March 26th, 2013 08:19 EST
David Mamet`s 'Phil Spector' Is a Not a Documentary or a DocuDrama, It`s a Simulation!
David Mamet`s Phil Spector, which just premiered on HBO Sunday evening, is not a documentary of the iconic pop producer`s life, nor is it a docudrama, but rather it`s a creative, interpretive simulation of Phil`s mindset, associated with pre-trial events.
You might note, the first trial began on March 19, 2007, while Lana Clarkson had been found dead, as the result of a firearm, in Spector`s majestic (Adams Family-Esque) mansion on February 3, 2003. Mamet`s entertaining and (yes) humorous simulation, starring Al Pacino (as Phil) and Helen Mirren (as his attorney, Kenney Baden), skews the evidence, arguing for Spector`s innocence in the shooting of Lana Clarkson.
While the legal doings are seemingly the primary focus of the 135 minute fun-filled-film, I saw it as (actually) a device to tell Phil`s story again, his meteoric rise in the music business as an eccentric producer, and especially how his unparalleled fame affected his character, his blatant narcissism, his inflated ego, and his tragic sinkage into chronic mental issues.
A focus on his obsession with guns is touched on when Phil rationalizes to Kenney (when she first visits him at his bizarre hacienda), and I paraphrase, `How many pairs of shoes do you have? How many feet do have?`
Therefore, as Phil might crazily rationalize, it`s perfectly normal to have several hundred handguns about the house; hey, Elvis behaved this way too. I`m glad they showed the flashback of Phil shooting the gun off in the studio, since that really happened (I still need to confirm the exact event).
I don`t know whether it was an intentional purpose of David Mamet`s to stimulate a discussion of a current need for gun control legislation in our country, but his film Phil Spector may have that side effect, which makes it beneficial.
Phil`s attitude regarding firearms mirrors that of the NRA`s, and given the fact that Spector was most probably mentally compromised, the fact that he was brazenly brandishing firearms in front of musicians in the studio and with women he was dating, decidedly highlights the absurdity of his behavior.
The final scene where Al dons the Afro-Wig for his first trial day (close to what Phil actually did) is good evidence of how weird he could get. Moreover, we hear he practiced such obvious narcissism only to exacerbate or to suggest to the public he really was crazy (an odd modulation of performance art).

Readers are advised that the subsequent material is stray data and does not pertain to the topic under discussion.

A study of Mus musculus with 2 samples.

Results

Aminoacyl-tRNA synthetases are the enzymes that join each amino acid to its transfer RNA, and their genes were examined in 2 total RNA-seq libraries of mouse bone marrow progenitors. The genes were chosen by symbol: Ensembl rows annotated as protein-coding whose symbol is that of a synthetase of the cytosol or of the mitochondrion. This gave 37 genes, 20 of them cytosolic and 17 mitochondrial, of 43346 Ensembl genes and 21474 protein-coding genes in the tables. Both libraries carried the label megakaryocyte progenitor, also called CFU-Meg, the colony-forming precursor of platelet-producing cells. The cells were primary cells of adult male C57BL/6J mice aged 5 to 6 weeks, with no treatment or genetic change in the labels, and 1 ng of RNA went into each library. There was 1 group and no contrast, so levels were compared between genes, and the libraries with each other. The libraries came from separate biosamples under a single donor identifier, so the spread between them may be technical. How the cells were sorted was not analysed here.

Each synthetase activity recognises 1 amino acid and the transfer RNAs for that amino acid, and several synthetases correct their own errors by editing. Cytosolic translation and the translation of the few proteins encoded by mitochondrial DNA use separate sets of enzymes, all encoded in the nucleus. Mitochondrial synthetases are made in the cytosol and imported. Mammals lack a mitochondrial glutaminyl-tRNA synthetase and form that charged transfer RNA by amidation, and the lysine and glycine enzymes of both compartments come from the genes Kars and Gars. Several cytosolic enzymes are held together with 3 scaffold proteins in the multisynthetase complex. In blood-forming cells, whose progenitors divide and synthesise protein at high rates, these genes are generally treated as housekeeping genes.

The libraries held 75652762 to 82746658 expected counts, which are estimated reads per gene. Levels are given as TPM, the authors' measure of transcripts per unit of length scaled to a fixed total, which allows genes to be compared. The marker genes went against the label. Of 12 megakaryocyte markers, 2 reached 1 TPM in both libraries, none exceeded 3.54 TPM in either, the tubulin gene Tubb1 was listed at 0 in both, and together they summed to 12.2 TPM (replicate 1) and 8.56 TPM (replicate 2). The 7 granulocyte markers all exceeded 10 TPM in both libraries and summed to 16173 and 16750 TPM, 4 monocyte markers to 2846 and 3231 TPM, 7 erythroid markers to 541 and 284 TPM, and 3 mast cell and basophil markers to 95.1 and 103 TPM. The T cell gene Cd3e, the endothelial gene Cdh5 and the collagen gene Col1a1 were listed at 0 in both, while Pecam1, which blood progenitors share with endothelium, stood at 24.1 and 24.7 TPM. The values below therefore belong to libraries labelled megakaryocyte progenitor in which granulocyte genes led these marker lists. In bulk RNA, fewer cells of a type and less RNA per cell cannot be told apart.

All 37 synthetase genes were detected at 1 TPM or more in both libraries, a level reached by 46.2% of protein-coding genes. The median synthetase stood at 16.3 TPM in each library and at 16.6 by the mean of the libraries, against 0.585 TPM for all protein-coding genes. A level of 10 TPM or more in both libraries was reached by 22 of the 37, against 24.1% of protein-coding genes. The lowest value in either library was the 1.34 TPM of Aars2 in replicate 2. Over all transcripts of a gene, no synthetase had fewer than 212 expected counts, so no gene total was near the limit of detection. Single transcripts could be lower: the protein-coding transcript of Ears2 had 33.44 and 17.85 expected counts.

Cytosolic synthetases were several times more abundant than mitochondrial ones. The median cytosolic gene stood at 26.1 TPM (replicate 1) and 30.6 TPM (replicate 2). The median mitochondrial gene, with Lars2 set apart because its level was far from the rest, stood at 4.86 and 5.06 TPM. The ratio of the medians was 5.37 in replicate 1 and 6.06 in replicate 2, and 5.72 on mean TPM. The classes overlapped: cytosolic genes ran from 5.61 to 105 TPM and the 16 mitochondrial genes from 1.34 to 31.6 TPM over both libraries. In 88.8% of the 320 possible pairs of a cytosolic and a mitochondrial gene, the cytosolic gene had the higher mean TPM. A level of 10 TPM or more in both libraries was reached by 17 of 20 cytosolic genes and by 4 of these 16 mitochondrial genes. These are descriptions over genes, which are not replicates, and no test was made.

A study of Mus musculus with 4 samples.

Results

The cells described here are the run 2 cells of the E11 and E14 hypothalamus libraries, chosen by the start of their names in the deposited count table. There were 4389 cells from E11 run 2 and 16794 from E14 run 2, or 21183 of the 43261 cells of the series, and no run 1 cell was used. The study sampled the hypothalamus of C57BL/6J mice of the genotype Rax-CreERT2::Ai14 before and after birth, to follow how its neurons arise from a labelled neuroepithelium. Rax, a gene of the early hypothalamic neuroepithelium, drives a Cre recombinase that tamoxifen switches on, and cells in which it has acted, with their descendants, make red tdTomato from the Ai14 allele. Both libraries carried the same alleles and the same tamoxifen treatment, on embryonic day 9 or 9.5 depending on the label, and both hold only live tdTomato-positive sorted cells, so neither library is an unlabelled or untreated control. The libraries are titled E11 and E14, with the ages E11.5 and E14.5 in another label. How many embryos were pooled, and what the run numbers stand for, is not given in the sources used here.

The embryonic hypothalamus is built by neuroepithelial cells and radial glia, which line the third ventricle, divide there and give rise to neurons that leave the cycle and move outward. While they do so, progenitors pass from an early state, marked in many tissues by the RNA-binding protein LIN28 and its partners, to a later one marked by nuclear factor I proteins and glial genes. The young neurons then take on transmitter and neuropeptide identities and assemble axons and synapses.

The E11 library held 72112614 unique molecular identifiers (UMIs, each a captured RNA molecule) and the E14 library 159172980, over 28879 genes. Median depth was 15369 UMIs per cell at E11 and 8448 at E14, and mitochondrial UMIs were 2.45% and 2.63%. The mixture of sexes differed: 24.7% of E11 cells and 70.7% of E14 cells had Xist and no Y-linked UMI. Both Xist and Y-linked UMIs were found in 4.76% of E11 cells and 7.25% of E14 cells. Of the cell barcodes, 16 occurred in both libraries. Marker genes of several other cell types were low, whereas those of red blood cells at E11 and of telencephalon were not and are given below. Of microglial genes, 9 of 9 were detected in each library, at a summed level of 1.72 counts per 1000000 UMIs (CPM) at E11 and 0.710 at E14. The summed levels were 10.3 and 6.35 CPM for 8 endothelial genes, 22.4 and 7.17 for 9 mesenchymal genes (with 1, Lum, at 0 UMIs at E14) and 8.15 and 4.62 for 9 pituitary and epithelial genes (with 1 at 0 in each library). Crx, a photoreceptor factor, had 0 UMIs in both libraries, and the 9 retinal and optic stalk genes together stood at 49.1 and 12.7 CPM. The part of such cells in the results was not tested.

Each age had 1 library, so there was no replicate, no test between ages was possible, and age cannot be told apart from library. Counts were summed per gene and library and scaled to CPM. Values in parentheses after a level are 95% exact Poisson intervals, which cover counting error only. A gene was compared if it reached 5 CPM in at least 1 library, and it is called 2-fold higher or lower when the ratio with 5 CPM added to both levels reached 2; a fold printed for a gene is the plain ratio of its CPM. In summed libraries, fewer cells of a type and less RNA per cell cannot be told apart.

The fact that the film ends with this Afro-Wig scene suggests to me that David Mamet believes that Spector went totally Crackers! I`ve done extensive research on the real Phil Spector`s career, and am a zealous devotee to his records and his Wall of Sound invention and philosophy of sound (Mono). His first hit record, To Know Him Is To Love Him, is a tribute to his father, who had some mental issues himself, and ended up committing suicide with a gun. We can trace his problems very early on.
On March 31, 1974, Phil was nearly killed in an automobile accident, having sustained some serious head injuries. I cite this event as the beginning of the end for the once great record producer. Because of the extensive stitches required to his head (300 to his face and 400 to the back of his head), Spector began to don his many wigs. It`s my belief this auto accident tipped him over to the other side, thinking he was now King Tut (such in Batman).
I digress, but it`s also my belief this groovy film will stimulate many (who are too young to know any better) to research Mr. Spector`s unbelievable career in music. Be sure to watch Phil as the PusherMan in Easy Rider or listen to one of his rare records, such as When I Saw You (written by Phil and performed by The Ronettes), which is included in the HBO movie.